Balancing Stress and Recovery

To build capacity, we must push beyond our normal limits, training in the same systematic way that elite athletes do. Stress is not the enemy in our lives. Paradoxically, it is the key to growth.

stress-and-recoveryIn order to build strength in a muscle we must systematically stress it, expending energy beyond normal levels. Doing so literally causes microscopic tears in the muscle fibers. At the end of a training session, functional capacity is diminished. But give the muscle twenty-four to forty-eight hours to recover and it grows stronger and better able to handle the next stimulus. Expose a muscle to ordinary demand and it won’t grow. With age it will actually lose strength.

What applies to the body applies equally to the other dimensions of our lives. We build emotional, mental and spiritual capacity in precisely the same way that we build physical capacity.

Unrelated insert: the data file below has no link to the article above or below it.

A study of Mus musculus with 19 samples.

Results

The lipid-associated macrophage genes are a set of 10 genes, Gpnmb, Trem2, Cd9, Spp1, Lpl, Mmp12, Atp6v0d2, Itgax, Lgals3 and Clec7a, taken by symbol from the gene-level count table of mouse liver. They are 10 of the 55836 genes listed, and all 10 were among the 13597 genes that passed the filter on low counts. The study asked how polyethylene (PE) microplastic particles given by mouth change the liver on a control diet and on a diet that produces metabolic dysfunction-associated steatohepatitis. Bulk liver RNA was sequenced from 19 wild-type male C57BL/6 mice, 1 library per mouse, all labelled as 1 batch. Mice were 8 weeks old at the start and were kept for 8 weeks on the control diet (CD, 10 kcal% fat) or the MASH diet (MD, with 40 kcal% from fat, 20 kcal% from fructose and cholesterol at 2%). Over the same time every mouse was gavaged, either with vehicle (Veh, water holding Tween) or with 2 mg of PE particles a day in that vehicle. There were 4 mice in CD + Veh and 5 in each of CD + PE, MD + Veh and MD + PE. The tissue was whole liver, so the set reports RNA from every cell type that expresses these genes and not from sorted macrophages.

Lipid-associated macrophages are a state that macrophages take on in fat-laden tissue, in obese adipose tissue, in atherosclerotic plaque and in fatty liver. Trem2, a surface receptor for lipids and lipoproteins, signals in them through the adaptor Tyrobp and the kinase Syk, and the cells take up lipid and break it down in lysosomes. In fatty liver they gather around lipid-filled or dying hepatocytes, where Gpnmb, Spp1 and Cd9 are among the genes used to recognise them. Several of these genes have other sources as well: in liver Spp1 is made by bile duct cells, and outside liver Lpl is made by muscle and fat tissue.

We grow at all levels by expending energy beyond our ordinary limits and then recovering.

To meet increased demand in our lives, we must learn to systematically build and strengthen muscles wherever our capacity is insufficient. Any form of stress that prompts discomfort has the potential to expand our capacity —physically, mentally, emotionally or spiritually— so long as it is followed by adequate recovery.

Summing-up: We can maximize performance by alternating periods of activity with periods of rest. Full engagement requires cultivating a dynamic balance between the expenditure of energy (stress) and the renewal of energy (recovery) in all dimensions.